Venables keeps his players on the ball

Click to follow
The Independent Online
First we have had the Christmas tree formation and a three-man defence; now Terry Venables has done away with an- other England tradition as firmly rooted as the square back four: no sex before matches.

Putting precedent roughly where his predecessor, Graham Taylor, shoved Gary Line- ker, the England coach will allow his players to go home to their families between matches during next month's Euro 96 rather than keep them locked away at a training base. Home cooking is just one of things he believes will keep his men happy.

"It was Terry's thinking, and that's the reason it was brought in," an FA spokeswoman, Claire Tomlinson, said. "England open the tournament on 8 June and then have a whole week before they play again.

"Players perform better when they are refreshed rather than cooped up in a hotel for weeks on end, and Terry felt that allowing them to go home would make sure that boredom did not set in."

Previous England squads for major tournaments have operated on the "hungry fighter" basis, and sex has been about as welcome as a first-round match against the Germans.

The players were locked away for weeks, with the traditional view being that it keeps players focused.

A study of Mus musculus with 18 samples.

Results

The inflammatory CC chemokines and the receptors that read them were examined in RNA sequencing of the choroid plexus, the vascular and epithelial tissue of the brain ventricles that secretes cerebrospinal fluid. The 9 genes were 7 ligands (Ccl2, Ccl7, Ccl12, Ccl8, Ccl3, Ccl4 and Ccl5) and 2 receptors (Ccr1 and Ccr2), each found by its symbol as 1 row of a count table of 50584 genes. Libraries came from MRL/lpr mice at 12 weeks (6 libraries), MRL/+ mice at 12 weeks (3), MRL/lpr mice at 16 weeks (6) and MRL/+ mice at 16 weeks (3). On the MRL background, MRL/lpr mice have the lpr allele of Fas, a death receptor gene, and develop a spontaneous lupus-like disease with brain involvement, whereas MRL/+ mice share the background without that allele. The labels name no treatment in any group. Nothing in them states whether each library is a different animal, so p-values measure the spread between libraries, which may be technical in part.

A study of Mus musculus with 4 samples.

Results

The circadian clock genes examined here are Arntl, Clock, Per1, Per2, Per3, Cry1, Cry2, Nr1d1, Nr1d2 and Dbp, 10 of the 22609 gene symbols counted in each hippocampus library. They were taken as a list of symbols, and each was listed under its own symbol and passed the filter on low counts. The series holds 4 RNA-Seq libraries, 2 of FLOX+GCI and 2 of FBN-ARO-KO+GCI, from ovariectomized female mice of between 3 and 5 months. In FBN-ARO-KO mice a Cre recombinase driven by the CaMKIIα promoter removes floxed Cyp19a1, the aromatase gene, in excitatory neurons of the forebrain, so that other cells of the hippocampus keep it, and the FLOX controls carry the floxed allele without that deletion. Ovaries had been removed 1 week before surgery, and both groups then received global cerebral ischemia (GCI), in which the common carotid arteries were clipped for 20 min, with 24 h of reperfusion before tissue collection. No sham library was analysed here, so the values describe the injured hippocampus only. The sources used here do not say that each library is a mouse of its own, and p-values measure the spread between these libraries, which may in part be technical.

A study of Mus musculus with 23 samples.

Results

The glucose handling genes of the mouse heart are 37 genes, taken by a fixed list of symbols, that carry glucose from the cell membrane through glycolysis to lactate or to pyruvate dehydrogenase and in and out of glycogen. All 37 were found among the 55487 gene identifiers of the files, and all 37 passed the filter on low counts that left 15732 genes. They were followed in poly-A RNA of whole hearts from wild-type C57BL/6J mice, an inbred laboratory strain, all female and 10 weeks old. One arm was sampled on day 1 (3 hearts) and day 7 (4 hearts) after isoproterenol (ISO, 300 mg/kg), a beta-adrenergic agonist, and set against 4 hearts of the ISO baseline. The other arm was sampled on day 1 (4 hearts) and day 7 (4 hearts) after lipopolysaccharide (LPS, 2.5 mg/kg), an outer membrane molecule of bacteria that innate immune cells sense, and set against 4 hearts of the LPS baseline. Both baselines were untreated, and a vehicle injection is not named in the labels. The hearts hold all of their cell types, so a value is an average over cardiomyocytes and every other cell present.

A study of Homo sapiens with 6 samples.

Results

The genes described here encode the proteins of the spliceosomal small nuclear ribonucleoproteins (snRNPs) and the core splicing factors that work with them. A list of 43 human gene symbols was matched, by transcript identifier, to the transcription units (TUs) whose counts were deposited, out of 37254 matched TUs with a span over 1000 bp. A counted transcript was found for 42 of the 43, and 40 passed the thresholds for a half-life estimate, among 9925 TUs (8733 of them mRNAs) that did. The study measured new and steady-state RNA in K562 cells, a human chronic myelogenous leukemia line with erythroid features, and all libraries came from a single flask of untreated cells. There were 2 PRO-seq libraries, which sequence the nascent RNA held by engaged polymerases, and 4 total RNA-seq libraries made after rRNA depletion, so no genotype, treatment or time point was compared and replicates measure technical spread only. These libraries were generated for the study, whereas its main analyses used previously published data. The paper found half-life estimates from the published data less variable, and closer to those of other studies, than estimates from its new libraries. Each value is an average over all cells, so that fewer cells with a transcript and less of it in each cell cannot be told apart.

Sir Alf Ramsey kept a keenly puritanical eye on his men during two World Cups, and was rewarded by the ultimate success when England hosted the tournament in 1966, followed by a quarter-final place in Mexico four years later.

Bobby Robson did allow wives and girlfriends to visit the squad at the 1990 World Cup in Italy, and his successor, Graham Taylor, maintained the same rules for the 1992 European Championship finals in Sweden.

But if Venables needed any justification for his relaxing of the rules during what could be a five-week separation for his players from their families, he need only point to the Danes. Four years ago in Sweden, conjugal visits were permitted in the Danish camp, and they ended the tournament as winners.

"I've nothing against letting wives into the team camp," Richard Moller Nielsen, the Danish manager, said. "Love is good for footballers as long as it is not at half-time."

Mark Wright, the Liverpool central defender, will miss the European Championship finals because of the knee injury he suffered during England's 3-0 victory over Hungary at Wembley on Saturday. Liverpool's manager, Roy Evans, said yesterday: "A scan on his left knee reveals ligament damage and he won't be fit for at least a month."